Following a packed year of touring, festivals and the release of their Mam EP, Superfood have quickly established themselves and honed a sound that’s wrapped in bass-funk and Britpop nostalgia.
Don’t Say That opens with ‘Lily For Your Pad To Rest On’, a track that leapfrogs you into their nineties revival, via the guidance of groovy and exotic guitar riffs, along with a bundle of Superfood infamous harmonies. ‘You Can Believe’ sticks out for all the right reasons and is possibly one of the best on the album (despite the difficulty of picking a favourite amongst such a delightful collective). The track sees front man Dom Ganderton cry out “Forget what you know and forget what you’re told” over short but sweet guitar plucks and airy backing ‘aahs’. Crafting such catchy tracks, it’s clear to see that their music suits their label, as it truly is Infectious.
Golden oldies ‘Superfood’, ‘TV’ and ‘Melting’ all mark their spots on the 13 track album and remind us of exactly how their cooing melodies and repetitive choruses enticed us in. With the uncomplicated and slacker feel to these earlier songs, it’s clear to see that the band’s journey so far has been one of spontaneity and not a mapped out solid plan that they take too seriously. Their sense of a carefree lifestyle and youthful exuberance has leaked through into each track and details exactly how every track sounds like a teen anthem or could be the theme tune to a show like ‘My Mad Fat Diary’.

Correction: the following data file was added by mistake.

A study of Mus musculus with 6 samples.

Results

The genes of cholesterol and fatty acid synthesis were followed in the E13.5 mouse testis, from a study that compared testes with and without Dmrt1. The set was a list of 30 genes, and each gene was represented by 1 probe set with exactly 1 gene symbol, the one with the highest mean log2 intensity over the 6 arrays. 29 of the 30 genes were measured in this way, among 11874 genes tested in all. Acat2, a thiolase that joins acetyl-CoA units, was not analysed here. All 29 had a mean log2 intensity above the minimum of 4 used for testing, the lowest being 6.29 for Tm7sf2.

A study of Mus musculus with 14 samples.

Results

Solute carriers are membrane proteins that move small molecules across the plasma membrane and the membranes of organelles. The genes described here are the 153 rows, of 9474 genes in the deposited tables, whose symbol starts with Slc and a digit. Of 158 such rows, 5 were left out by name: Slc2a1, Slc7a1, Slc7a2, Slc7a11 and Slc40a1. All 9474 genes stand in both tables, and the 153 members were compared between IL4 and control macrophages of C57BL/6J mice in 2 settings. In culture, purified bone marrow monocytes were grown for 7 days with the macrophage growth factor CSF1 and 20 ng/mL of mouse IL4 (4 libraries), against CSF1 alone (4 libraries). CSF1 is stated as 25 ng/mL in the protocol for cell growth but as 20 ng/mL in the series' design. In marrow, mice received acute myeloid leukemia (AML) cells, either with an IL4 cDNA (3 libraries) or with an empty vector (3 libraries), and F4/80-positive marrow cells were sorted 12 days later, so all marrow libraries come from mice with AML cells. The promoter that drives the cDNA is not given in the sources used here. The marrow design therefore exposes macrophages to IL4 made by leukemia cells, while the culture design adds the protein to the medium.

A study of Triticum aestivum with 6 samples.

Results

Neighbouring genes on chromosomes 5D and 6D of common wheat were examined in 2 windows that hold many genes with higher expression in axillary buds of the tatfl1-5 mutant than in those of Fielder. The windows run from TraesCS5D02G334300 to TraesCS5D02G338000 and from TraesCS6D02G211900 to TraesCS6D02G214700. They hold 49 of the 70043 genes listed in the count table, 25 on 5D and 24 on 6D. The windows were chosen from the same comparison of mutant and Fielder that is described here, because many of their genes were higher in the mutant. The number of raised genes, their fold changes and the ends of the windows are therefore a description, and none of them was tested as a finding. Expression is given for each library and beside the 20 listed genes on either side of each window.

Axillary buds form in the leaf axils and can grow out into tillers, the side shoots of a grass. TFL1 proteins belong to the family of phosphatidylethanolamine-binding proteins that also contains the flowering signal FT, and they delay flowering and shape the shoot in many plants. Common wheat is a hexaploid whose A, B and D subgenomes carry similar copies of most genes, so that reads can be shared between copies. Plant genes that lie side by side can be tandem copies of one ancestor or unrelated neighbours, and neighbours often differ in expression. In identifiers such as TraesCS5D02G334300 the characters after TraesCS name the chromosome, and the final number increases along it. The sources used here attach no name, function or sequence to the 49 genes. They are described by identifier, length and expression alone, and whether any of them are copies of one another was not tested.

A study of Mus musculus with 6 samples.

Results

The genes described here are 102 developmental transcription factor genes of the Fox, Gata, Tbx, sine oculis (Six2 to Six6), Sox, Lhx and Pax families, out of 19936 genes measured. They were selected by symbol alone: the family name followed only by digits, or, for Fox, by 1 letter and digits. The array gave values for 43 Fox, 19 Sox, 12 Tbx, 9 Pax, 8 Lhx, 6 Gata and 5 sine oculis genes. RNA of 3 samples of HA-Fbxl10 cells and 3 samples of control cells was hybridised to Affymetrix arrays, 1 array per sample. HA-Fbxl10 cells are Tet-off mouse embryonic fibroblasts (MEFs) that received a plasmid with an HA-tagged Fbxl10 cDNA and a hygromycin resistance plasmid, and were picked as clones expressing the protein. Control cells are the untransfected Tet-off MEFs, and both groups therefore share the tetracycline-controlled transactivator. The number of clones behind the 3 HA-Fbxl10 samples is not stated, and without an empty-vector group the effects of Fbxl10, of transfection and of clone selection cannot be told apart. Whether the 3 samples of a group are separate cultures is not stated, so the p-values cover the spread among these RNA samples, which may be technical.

New single ‘Mood Bomb’, demonstrates their progression as writers and musicians throughout the past year. It kicks off with jangly guitar licks and eases through a deep bass line before spouting out lyrics like ‘the floor is just an empty space/a wooden place to stretch out and lie down’ that appear again throughout the track. The contagious chrorus sees Ganderton cry ‘open up your eyes/let the sun inside’ before he yells ‘Everybody’ and the fuzzy, yet sparkly chorus riff enters.
‘Pallasades’ possibly takes a nod to Birmingham’s shopping centre, whilst ‘It’s Good To See You’ is a track simply about being happy and joyful. Album closer ‘Like A Daisy’ tails off with a slight reflective and ballad feel.
Title track ‘Don’t Say That’ reeks of moodiness with Ganderton’s low and sultry vocals, over Emily Baker’s thick and rumbling bass line. But being a band based predominately around playfulness, the jangly guitars and melodic backing vocals “Tell me if you want me to go home” pick up the tone, even if the lyrics deliver a melancholic theme. Past single ‘Right On Satellite’ connects heavy drums and bass and gives the sense that these tracks could be played in a huge festival or stadium setting or just live in a mate’s shoddy garage.
For a debut, the album is immaculately structured with every detail being cleanly constructed. The order of the songs is even clearly thought through with each track gently leading into one another with the assistance of two instrumental interludes. It’s plain to see how talented Ganderton is, not only as a musician, but as a producer (he produced early demos for Peace and Swim Deep).
Yet to have put a note out of place, it was inevitable that Superfood’s debut was going to be one of 2014’s gems.
The album is out now on Infectious Records.